SAN JOSÉ - The Costa Rican capital is where Los Charros, a Central American drug cartel with links to to one of Mexico's biggest mafia families, picks up cocaine to transfer through Central America. And Los Charros has found a way to launder money to cover up its trafficking revenue: by purchasing and registering vehicles and property in the name of Evangelical Churches, El Universal reports.

At least one religious foundation was identified by tax authorities as actively taking part of the cartel network.

Several of the cartel's leaders were sentenced to 27 years in prison in Nicaragua this past March, and their prosecution shed some light onto the cartel's methods. Los Charros is run from Guatemala, and its members include nationals of several Central American countries.

One member, captured in May 2011, was a judge in Nicaragua and is suspected of being a key piece in a network of document forgery. Los Charros also used hardware stores, construction companies and transportation companies to launder its drug cash.

The cartel mainly transported cocaine that was bought in Costa Rica and then transported through Nicaragua and into Guatemala in fleets of cars and trucks, El Universal reports. It is believed to work in association with Mexican drug cartels.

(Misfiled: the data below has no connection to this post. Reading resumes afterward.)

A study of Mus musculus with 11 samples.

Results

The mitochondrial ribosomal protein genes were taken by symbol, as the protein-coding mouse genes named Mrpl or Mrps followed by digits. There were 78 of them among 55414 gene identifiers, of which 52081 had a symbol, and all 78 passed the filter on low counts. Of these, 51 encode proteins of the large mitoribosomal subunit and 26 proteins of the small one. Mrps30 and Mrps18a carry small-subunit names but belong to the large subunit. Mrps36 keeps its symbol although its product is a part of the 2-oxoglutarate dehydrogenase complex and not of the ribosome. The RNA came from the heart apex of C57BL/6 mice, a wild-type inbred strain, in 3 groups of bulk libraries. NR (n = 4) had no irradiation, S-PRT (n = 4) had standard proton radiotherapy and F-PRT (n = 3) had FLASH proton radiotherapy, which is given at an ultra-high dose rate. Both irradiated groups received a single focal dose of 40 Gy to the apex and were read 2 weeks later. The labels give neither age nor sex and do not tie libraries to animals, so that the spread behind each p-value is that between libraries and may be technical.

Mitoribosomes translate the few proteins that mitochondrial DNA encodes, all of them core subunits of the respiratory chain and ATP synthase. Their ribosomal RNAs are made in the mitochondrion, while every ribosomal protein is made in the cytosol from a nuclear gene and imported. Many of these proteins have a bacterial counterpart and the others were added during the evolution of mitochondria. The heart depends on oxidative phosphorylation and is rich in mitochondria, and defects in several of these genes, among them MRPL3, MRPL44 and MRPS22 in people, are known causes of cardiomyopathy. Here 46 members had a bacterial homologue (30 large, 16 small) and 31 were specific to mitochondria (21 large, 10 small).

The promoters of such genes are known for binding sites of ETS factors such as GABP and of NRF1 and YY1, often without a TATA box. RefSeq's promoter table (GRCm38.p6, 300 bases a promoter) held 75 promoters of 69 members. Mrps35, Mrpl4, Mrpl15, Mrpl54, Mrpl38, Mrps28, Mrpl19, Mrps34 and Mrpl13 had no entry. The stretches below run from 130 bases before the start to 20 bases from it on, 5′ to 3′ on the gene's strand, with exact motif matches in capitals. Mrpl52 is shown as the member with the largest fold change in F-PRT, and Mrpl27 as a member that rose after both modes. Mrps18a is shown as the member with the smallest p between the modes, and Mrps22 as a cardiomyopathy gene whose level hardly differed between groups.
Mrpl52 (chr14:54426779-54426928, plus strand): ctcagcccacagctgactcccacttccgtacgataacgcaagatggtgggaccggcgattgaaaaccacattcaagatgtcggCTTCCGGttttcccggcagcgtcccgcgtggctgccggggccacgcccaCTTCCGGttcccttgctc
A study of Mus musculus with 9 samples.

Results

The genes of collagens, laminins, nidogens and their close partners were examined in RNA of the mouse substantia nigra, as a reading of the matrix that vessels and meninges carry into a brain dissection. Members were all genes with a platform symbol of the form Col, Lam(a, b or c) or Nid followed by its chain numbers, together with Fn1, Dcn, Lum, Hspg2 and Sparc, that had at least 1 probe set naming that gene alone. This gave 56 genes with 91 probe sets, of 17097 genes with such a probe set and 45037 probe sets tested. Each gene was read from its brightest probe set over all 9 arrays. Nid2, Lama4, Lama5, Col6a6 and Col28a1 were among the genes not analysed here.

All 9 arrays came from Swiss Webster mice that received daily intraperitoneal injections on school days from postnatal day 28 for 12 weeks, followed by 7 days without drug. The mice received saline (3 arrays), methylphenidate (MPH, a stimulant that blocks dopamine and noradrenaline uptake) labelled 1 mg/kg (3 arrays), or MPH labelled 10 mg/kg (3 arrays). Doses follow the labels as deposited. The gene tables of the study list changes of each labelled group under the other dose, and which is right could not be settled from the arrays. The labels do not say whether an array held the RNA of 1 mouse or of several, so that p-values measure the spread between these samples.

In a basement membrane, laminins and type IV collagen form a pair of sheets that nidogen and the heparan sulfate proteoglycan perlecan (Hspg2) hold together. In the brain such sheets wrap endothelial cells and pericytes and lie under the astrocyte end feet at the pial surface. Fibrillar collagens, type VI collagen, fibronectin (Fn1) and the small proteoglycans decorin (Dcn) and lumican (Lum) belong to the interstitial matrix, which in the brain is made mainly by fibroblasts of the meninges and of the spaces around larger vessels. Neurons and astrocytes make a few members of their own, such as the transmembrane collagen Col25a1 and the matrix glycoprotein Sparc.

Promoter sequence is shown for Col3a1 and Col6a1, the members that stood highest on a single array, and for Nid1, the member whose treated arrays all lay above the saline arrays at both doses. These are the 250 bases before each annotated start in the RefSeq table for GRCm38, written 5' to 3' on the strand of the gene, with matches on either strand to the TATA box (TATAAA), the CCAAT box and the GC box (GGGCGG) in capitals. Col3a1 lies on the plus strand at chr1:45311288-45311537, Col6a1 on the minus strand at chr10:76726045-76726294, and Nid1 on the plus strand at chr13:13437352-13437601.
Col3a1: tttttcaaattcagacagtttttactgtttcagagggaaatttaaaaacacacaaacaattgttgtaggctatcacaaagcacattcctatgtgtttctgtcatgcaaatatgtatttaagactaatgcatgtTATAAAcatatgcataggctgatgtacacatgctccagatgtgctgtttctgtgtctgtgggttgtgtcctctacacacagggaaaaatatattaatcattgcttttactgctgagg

How Much Longer Can The Russian Economy Survive Sanctions?

The head of the Kremlin boasted at the recent forum in St. Petersburg International Economic Forum about Russia’s economic resilience against Western sanctions. But behind the scenes, Russian business leaders tell a different story.

At a Veshki distribution center for the food retailer VkusVill, a chain of online Russian grocery stores.

Benjamin Quénelle

-Analysis-

MOSCOW — "The most effective sanction to weaken the Kremlin? Not to target us and punish us, but to give us visas instead ... to abandon the sinking the ship!" This businessman's iconoclastic perspective embodies the anxiety one could detect percolating just below the surface at the "Russian Davos" Forum in St. Petersburg last week.


Like so many others, this man in his 40s, a typical representative of the new upper middle class, with a foreign passport in hand, educated in the West, liberal and multilingual, discovered his name on the lists of Western sanctions. Directly or indirectly, a large part of the Russian business world has been caught up in the European and U.S. sanctions against Moscow.